In our role at FSG, we are professional advocates for strategy as an essential aspect of leadership to advance community solutions. Why does strategy matter? The “you can’t be all things to all people” message is one of the simplest refrains—in the words of Michael Porter, this concept is “Strategy 101.” And as people with ambition to change the world and instincts to do whatever we can to help our communities, we can all benefit from that reminder. I haven’t yet come across anyone with a “we can’t be all things to all people” tattoo, though sometimes I think it’d be a good one.
But if you’re not into tattoos, or you have other ideas about what body art you’d like to try, I will turn to how we think about strategic clarity for community foundations.
Community foundations wrestle with an incredible array of decisions about how best to support their communities, advance solutions to complex social problems, and craft the right role for themselves. Strategic thinking focuses on how to leverage local commitment and expertise, to bridge donors and community needs, and to provide leadership to advance solutions—ideally in a way that brings these concepts together, rather than pursues them on separate paths.
In many of the conversations we participate in, particularly at the board level, there are two questions that stand out: “What is our identity?” and “How can we grow and do more?” We also hear from individuals and organizations that they have a hard time communicating clearly with different constituents about the role of the foundation, that they feel like they are working at cross purposes internally or externally, or that resources are stretched too thin between different priorities.
Disciplined strategic thinking is essential to address these challenges. It helps articulate a clear and unique identity, become more aligned in pursuit of goals, and define the right types of growth.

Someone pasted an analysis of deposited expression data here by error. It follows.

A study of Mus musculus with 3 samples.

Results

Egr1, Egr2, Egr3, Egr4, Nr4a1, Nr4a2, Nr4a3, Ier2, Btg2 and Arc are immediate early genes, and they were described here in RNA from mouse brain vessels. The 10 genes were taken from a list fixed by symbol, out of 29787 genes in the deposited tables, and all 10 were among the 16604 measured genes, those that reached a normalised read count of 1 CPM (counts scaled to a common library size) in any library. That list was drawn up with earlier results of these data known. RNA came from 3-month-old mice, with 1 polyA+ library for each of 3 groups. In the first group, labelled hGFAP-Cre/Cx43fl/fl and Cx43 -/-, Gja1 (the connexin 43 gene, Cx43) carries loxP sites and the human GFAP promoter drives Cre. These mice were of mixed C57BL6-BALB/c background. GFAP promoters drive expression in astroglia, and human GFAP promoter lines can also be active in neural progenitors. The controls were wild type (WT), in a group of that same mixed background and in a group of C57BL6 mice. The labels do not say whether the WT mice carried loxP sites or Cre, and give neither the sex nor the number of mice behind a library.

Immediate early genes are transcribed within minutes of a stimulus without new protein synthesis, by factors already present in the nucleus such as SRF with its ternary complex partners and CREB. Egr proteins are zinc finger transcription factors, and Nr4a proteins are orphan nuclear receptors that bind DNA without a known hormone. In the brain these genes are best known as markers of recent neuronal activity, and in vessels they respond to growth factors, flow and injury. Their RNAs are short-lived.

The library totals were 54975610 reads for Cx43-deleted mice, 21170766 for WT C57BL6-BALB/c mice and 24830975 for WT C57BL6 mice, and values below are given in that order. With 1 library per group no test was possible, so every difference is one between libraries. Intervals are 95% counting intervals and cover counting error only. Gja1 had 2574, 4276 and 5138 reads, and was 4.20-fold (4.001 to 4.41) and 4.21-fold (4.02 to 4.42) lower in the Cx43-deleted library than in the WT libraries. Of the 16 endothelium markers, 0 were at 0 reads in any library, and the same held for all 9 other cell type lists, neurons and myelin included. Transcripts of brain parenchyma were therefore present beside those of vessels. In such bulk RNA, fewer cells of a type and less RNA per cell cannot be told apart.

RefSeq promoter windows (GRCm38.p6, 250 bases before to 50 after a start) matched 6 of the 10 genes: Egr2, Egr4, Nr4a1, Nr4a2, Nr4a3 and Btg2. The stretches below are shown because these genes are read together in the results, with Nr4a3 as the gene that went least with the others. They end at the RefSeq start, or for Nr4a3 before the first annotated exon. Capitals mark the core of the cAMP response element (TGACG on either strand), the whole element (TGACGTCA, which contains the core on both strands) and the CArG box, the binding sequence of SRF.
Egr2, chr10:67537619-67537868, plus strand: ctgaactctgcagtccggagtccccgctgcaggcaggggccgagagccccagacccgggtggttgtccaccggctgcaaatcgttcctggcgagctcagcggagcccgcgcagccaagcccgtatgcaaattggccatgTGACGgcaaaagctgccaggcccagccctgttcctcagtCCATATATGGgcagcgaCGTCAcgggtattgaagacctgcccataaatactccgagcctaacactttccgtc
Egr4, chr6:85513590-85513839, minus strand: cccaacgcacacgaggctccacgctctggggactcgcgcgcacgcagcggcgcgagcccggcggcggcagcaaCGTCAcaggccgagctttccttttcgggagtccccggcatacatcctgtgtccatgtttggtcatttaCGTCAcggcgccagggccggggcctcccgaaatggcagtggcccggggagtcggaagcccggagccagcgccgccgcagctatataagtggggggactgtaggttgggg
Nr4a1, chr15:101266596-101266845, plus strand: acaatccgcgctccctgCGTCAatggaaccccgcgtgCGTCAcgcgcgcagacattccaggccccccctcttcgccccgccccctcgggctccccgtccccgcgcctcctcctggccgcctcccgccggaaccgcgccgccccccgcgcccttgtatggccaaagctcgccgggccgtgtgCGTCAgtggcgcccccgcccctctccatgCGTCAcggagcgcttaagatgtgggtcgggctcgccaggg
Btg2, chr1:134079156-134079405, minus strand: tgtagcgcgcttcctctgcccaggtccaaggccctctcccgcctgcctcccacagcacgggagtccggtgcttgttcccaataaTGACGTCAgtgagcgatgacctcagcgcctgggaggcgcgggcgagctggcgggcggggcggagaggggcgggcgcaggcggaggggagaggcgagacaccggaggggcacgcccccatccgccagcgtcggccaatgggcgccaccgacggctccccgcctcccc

What is important to think about?
Be clear about how you are unique.
You determine how you will achieve impact and understand how and why you are different from others. You translate this into clear messages and are consistent with all your stakeholders. Knowing where you are focused, it is easier to make tradeoffs about what you pursue and what you forego.
You think of yourself as a single enterprise and not as an organization pulled between two different arenas, serving donors and the broader community. You have a strong “fit” between all of your goals and activities. This is what drives competitive advantage and sustainability.
Be specific about growth goals.
You avoid the growth trap by aligning what you are trying to achieve and your goals for growth. According to Michael Porter’s What is Strategy?
, “Too often, efforts to grow blur uniqueness, create compromises, reduce fit, and ultimately undermine competitive advantage. In fact, the growth imperative is hazardous to strategy.”
Growth should deepen your focus, not compromise it.
Be consistent but not rigid.
You do the planning work and recognize that strategy is not fixed, but directional. Aspire to strategic continuity, but also continuous change. If you understand your direction, it’s easier to be an active learner and be focused on adapting as a leader.
If you are a community foundation CEO and these are things you are thinking about, or should be thinking about, please join us at the Council on Foundations Fall Conference in New Orleans for the CEO Retreat, “Leadership for a Community’s Brighter Future: Why Strategy Matters
,” September 8–9.
And just for fun, I’ll leave you with a strategy poem by an unknown author:
You can't be all things to all people.
You can't do all things at once.
You can't do all things equally well.
You can't do all things better than everyone else.
Your humanity is showing just like everyone else's.
You have to find out who you are, and be that.
You have to decide what comes first, and do that.
You have to discover your strengths, and use them.
You have to learn not to compete with others,
Because no one else is in the contest of *being you*.
You will have learned to accept your own uniqueness.
You will have learned to set priorities and make decisions.
You will have learned to live with your limitations.
You will have learned to give yourself the respect that is due.
And you'll be a most vital mortal.
Dare To Believe:
That you are a wonderful, unique person.
That you are a once-in-all-history event.
That it's more than a right, it's your duty, to be who you are.
That life is not a problem to solve, but a gift to cherish.
And you'll be able to stay one up on what used to get you down.